Tree Architecture


Last revision: Oct. 25, 2010

Architecture is a term usually applied to our built environment, but it also can apply to natural systems - to trees, for example. Trees are naturally programmed to grow in predictable patterns that are unique to each species.

Buildings are constructed in Greek Revival or Postmodern styles, but nature constructs trees in coffeetree or river birch styles. Many people think of trees in terms of their flower color, foliage and attractiveness, but their most significant characteristic is their natural style or architecture.

Perhaps the most obvious architectural feature of trees is their size. The range of variability is tremendous. In Missouri, tulip poplar in the Bootheel region can reach over 150 feet, while the shrublike wild plum tops out at around 12 feet in a north-central fencerow. In the forest, oaks, hickories, ashes, maples and lindens form a lofty branch canopy over the subservient ironwood, redbud and serviceberry, which compete for limited sunlight in the understory.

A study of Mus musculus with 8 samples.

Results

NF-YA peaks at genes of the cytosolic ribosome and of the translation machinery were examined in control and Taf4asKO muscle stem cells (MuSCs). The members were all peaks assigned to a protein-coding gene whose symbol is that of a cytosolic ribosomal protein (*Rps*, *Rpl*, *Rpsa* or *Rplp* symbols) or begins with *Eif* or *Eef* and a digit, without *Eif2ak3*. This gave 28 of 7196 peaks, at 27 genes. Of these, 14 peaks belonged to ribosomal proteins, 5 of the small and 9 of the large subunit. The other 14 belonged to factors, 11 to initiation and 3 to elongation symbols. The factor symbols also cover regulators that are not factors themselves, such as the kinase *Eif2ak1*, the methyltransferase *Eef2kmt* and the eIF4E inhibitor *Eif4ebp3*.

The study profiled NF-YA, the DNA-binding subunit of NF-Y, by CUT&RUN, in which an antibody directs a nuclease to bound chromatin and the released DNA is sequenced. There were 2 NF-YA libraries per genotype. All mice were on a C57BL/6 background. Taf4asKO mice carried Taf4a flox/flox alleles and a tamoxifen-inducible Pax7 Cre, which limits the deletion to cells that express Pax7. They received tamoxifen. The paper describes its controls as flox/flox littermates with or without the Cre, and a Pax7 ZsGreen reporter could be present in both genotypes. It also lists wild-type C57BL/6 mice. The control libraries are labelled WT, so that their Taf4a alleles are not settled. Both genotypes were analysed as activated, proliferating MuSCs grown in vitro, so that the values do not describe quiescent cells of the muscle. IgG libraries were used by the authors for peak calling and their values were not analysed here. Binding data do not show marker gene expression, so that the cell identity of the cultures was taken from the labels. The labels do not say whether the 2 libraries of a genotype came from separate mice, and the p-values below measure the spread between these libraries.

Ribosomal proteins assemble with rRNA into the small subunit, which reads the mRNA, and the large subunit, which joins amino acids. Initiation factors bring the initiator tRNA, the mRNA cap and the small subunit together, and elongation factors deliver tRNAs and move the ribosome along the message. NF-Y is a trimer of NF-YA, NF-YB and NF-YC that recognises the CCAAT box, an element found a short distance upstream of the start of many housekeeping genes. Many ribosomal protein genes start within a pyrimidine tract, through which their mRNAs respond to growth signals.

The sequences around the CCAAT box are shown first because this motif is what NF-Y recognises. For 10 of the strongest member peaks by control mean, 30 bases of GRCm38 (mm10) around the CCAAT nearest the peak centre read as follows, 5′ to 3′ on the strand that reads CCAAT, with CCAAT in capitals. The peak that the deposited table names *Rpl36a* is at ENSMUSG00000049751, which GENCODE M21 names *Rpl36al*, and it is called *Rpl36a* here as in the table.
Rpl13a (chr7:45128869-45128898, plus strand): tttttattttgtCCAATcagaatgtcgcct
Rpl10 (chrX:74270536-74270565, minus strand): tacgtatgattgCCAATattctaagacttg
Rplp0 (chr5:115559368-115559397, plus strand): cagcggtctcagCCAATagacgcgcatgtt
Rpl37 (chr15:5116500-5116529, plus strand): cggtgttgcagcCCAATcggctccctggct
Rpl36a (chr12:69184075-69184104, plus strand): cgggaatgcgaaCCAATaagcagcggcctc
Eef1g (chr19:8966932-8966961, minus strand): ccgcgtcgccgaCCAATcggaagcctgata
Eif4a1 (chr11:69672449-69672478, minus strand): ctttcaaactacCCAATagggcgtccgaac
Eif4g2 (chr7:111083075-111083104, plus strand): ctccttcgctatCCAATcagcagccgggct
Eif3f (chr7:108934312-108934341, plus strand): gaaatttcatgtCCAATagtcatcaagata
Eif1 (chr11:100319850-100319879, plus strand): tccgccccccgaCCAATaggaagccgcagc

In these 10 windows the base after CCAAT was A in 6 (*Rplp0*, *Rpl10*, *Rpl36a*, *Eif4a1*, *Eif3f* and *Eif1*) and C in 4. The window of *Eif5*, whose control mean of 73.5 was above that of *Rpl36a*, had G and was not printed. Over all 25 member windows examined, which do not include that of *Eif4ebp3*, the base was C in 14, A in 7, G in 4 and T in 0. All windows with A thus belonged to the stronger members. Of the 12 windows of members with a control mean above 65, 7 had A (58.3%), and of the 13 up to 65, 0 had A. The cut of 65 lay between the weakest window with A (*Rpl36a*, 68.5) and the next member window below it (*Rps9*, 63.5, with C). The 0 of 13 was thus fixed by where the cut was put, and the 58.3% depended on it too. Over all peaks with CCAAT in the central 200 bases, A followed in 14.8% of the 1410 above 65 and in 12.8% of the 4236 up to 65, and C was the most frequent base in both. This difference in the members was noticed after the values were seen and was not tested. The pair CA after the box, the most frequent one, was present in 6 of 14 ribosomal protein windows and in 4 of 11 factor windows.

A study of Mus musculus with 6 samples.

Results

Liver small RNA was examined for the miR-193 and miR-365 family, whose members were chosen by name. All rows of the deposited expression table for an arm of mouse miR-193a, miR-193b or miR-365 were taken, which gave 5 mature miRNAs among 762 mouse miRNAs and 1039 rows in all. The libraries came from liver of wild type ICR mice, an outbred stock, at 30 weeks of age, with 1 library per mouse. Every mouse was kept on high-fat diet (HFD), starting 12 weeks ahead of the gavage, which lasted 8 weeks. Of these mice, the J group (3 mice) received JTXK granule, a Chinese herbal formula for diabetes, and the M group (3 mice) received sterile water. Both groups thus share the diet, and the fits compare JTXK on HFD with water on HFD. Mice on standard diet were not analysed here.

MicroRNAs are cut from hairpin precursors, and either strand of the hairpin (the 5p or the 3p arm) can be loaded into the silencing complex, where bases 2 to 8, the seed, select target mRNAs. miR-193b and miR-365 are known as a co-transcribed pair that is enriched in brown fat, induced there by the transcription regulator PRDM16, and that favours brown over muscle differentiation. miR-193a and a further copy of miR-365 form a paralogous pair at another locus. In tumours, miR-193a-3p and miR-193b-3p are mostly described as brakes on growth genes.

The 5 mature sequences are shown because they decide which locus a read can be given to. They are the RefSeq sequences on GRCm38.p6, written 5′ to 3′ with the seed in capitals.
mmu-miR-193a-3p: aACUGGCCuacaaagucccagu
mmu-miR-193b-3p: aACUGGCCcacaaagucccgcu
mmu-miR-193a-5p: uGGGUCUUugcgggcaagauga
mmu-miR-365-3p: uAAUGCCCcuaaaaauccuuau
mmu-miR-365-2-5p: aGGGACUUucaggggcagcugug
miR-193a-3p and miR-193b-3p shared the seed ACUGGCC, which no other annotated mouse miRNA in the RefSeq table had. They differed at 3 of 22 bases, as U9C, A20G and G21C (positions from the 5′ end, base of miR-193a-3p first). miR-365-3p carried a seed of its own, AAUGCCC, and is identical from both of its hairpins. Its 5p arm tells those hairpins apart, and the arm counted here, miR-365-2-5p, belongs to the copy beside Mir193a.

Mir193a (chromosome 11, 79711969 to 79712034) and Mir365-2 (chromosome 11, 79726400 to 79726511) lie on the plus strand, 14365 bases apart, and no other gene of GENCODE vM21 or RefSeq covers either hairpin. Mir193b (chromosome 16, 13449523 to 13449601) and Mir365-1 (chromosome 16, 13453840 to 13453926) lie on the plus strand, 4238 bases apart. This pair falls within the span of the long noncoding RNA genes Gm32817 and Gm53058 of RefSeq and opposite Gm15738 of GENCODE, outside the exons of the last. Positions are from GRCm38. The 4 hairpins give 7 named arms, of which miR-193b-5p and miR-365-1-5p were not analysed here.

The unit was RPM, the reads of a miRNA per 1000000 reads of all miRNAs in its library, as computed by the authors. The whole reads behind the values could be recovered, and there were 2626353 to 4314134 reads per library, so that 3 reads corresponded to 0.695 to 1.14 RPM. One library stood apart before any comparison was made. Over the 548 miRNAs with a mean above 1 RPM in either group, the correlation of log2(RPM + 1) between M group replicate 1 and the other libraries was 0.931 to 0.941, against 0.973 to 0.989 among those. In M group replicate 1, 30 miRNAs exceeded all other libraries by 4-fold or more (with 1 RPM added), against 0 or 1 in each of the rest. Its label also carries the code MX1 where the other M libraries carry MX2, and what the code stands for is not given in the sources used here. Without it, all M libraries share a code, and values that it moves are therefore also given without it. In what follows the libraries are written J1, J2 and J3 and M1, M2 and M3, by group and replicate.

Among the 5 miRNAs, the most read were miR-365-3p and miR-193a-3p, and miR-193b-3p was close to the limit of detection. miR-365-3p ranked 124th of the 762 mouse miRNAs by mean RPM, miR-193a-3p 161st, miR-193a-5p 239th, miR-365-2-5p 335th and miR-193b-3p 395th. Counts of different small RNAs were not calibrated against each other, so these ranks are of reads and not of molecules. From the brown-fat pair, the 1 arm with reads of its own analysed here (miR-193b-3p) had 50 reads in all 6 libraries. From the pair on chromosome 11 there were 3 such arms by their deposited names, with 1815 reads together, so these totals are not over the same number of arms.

Another important aspect of tree architecture is branching habit, or the natural arrangement of trunk, limbs, branches or twigs. Some trees develop a pronounced central stem extending to the top, resulting in an overall conical or pyramid tree shape. This is called "excurrent branching" by botanists.

Species that conform to this branching habit are the familiar needled evergreen pines, spruces, junipers and the deciduous baldcypress. Some trees have strong excurrent branching in their youth, but gradually give way to a more spreading shape in old age. Examples include pin oak, sweetgum, blackgum, lindens, sycamore and tulip poplar.

Trees that grow by dividing their main stems into multiple, equal-sized branches, as opposed to one main stem, are botanically known as "deliquescent." Trees with this growth habit tend to develop a fan or V shaped outline. Examples of this type are the once familiar American elm, hackberry, honeylocust, yellowwood and redbud.

Knowing a tree's growth habit, together with landscape position, can be used for identification. The coarse, light-colored branches of sycamore make it stand out from other trees, especially in winter. The conical shape and stiffly arranged horizontal side branches of pin oak make it easy to spot.

Dense, reddish-twigged trees in low areas are likely willows. Pole straight evergreens with sparse bottom branches on Ozark hilltops are shortleaf pine. Many other trees have signature characteristics which are actually more distinct when viewed from a distance.

A practical application of tree architecture is planning for tree planting and care. Need new street or shade trees?